On some teams pairing is the norm; developers enjoy the collaboration & experience enhanced productivity. Others, though, work on teams where pairing is shunned, avoided, or just faked. Why do some craftsmen thrive with pairing while others want nothing to do with it?
Why does coach-enforced pairing turn into something dry, distracted, imbalanced & ineffective? Join in an honest discussion & learn about which pairing styles drag teams down & what sort of pairing helps teams rock. Whether you’ve never paired before, or you’re on a team that’s trying, you’ll have fun and come away with a clear sense of the best that pairing has to offer. (Bring a computer set up for development if you have one, but don't let it keep you away.)
Session Leader Name(s): Angela Harms & Michael Hill
Duration (30, 60, 90): 30 minute talk, 60-90 as workshop
Audience Level (New/Novice, Experienced, Expert): Beginner & Experienced
Session Style (Presentation, Workshop, Interview, Panel, Game): Workshop
Description of Session:
This is a 30 minute talk, followed by a code-retreat style pair programming session. In a 60 minute session, it's randori.
Session Leader(s) Background:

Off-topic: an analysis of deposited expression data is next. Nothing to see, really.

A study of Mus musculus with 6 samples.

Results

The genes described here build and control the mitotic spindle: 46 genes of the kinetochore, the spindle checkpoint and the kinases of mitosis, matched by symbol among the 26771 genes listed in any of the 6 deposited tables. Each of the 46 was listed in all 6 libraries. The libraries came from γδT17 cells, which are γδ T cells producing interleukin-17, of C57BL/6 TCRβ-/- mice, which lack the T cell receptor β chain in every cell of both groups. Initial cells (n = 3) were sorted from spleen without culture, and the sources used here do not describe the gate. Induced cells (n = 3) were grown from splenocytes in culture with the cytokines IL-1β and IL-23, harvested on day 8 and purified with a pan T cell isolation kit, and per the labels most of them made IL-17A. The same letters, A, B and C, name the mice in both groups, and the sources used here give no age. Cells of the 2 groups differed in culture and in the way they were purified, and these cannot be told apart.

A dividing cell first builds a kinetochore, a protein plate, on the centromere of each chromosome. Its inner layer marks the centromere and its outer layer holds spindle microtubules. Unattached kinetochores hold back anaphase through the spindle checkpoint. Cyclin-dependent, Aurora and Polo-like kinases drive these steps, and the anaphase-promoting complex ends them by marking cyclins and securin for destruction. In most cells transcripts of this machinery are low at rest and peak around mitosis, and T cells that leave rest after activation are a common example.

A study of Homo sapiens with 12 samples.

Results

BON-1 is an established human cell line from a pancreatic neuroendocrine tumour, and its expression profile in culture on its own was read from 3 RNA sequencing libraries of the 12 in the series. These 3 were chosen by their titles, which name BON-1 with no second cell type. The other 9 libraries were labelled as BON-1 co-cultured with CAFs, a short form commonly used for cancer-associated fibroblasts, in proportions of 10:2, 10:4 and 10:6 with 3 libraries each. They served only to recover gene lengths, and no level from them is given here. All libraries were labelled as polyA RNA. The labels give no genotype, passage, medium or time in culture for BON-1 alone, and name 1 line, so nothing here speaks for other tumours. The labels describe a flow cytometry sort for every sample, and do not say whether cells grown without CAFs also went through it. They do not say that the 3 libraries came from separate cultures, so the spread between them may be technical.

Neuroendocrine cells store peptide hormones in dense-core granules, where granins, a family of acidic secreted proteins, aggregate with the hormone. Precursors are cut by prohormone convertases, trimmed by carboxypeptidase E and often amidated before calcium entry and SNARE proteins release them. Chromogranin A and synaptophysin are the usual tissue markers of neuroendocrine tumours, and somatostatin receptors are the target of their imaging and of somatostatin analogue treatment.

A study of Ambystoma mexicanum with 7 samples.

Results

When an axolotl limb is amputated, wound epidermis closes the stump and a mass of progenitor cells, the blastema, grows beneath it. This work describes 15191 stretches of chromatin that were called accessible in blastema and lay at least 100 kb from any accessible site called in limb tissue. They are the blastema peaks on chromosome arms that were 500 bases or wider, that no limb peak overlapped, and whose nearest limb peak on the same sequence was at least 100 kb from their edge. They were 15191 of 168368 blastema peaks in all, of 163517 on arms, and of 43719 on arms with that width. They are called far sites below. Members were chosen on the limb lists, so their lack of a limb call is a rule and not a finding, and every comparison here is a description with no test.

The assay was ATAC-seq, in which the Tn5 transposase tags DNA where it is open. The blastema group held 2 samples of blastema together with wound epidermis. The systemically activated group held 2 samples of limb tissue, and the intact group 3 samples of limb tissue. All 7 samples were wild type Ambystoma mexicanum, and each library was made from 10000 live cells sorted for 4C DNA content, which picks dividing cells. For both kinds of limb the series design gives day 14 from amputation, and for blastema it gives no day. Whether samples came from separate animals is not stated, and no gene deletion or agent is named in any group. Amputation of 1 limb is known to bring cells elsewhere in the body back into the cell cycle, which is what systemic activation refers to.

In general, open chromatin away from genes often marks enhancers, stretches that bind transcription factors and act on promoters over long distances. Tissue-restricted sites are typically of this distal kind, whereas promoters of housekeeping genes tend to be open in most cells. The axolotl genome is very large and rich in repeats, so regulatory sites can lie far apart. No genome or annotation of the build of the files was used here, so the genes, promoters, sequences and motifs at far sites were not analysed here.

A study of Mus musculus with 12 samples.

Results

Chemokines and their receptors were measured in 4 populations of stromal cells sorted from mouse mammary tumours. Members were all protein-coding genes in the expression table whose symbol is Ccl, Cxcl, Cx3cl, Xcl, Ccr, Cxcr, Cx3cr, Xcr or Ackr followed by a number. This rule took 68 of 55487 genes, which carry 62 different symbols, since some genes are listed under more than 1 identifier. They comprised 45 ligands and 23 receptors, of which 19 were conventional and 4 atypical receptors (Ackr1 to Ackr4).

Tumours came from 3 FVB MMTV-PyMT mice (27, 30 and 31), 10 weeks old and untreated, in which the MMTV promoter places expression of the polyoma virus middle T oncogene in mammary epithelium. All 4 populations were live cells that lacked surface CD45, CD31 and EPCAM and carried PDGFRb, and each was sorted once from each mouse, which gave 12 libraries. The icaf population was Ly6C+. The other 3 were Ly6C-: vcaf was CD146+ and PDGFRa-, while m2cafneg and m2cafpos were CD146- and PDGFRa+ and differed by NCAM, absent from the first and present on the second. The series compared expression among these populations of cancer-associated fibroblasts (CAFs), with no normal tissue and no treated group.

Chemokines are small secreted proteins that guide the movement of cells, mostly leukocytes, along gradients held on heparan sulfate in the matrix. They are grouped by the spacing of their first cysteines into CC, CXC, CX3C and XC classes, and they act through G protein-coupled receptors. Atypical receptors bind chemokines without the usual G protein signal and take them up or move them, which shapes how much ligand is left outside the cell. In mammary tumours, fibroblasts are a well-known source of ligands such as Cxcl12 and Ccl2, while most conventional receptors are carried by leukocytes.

Angela Harms makes software at LeanDog, in Cleveland. She loves beautiful code that emerges from collaboration, and learning new ways to make it work. When she's not pairing on tests and the code they inspire, you can find her at conferences speaking about what she's learned (so far), or discussing puzzles and new ideas in open space. Her website, myAgileEducation.com, has invited lots of answers from practitioners and industry leaders.
GeePaw Hill has been a professional programmer for thirty-one years. For the last eleven, he has focused his efforts as a trainer, coach, and team lead on XP software projects and transitions. Mike is a well-known leader in the Agile community and is a regular speaker at related industry events. His chief interest over the last few years has been on the perils and rewards of coaching agile development teams.
Session History: I gave the 30 minute talk at Ruby Midwest in Fall of 2011. I will be giving it again at Mountain West Ruby Conf in March, and at TechWeek in June. Video from the RubyMidwest talk is here: http://confreaks.net/videos/757-rubymidwest2011-does-pair-programming-have-to-suck and is also on speakerrate: http://speakerrate.com/talks/8834-does-pair-programing-have-to-suck
But it really wants to be a hands on workshop. This is its lifelong dream. :)
Questions Answered By This Session:
* Why does pair programming in the real world suck sometimes?
* When I can't follow what some rockstar is doing while they're hunched over the keyboard, how can I fix things?
* When a noobie is slowing me down, how can I get some friggin work done?
And, maybe the biggest one:
* How can I help my team see the beauty I see in pair programming?